The virtualization expert rolled out an update to its ESX platform a few weeks ago. Perhaps the most tempting of the new features in this "hypervisor" -- a product that runs virtual machines as close to the hardware as possible for maximum performance -- was that you can use one version of the software (ESXi) for free, forever. No more licensing hoops to jump through! Try before you buy into the entire VMware Infrastructure platform! Woo hoo!
But the ESX and ESXi updates rolled out to customers with a time bomb hidden inside. In a move common to beta software projects everywhere, the built-in licenses were set to expire last night and somebody forgot to remove that limitation. Oops. That's the opposite of the intended effect.
So come early morning, updated virtual machines started seeing license errors on reboot, leaving them unusable until VMware released a patch for the problem some 20 hours after it was discovered. If you're an IT manager who's trying to impress your bosses with the benefits of virtualization, 20 hours of downtime ain't doing you any favors.
Apologies have been flying all around, while rivals like Microsoft (Nasdaq: MSFT ) , Sun Microsystems (Nasdaq: JAVA ) , and Citrix Systems (Nasdaq: CTXS ) must be enjoying this moment in virtual machine history. The issue was clearly human error, rather than something intrinsically wrong with virtualization as a concept or even VMware's implementation thereof.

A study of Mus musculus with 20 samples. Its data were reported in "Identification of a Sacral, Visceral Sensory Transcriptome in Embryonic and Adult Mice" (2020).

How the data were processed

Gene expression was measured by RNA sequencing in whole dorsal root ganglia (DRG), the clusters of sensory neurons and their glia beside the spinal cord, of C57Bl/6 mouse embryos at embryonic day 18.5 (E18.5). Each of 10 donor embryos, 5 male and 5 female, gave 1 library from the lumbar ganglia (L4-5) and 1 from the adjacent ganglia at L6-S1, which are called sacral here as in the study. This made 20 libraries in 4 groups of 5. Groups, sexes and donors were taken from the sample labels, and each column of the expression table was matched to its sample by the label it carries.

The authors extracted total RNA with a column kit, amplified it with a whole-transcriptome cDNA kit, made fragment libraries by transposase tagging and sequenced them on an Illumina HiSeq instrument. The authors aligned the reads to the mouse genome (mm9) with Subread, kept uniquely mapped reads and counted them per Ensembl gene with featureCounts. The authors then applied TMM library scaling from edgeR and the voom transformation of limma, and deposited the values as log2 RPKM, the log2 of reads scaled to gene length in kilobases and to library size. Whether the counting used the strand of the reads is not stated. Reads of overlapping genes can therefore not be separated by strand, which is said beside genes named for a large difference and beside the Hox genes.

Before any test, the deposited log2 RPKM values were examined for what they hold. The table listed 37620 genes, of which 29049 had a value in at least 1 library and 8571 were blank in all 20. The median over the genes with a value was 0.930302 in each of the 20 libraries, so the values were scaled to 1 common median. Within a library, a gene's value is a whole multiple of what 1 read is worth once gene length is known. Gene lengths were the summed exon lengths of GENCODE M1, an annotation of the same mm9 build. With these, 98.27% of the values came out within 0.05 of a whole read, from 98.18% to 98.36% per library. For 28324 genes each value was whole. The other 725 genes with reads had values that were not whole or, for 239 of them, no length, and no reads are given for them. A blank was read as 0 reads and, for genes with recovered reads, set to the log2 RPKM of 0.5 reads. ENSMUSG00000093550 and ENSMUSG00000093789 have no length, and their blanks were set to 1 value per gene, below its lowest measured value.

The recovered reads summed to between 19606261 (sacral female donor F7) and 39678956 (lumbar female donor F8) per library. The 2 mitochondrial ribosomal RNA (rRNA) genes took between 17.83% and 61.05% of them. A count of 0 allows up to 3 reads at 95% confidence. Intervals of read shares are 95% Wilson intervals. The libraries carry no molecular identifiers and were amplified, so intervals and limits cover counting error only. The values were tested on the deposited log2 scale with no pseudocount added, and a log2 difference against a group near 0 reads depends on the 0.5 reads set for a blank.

It's a definite PR gaffe, even though a rather small number of customers should actually be affected: those with a recently patched ESX server, rebooting in the short window between the license expiration and widespread news about the whole thing, with system administrators who didn't want a dirty workaround like changing the system time. Oh, and they patched a production-level system after less than two weeks of quality assurance in a development environment. It will change the way VMware goes about its own internal testing procedures, particularly under the watchful eye of a new boss. If we get better software out of this harmless episode, I'm all for it.
Investors should call it a storm in a teacup, though. I'd be very surprised if the incident affects the next quarterly report at all -- assuming that my former sysadmin colleagues were doing their jobs properly. The stock is cheap today, and VMware is still growing like a bamboo shoot with the heft of semi-parent EMC (NYSE: EMC ) behind it. Don't be scared.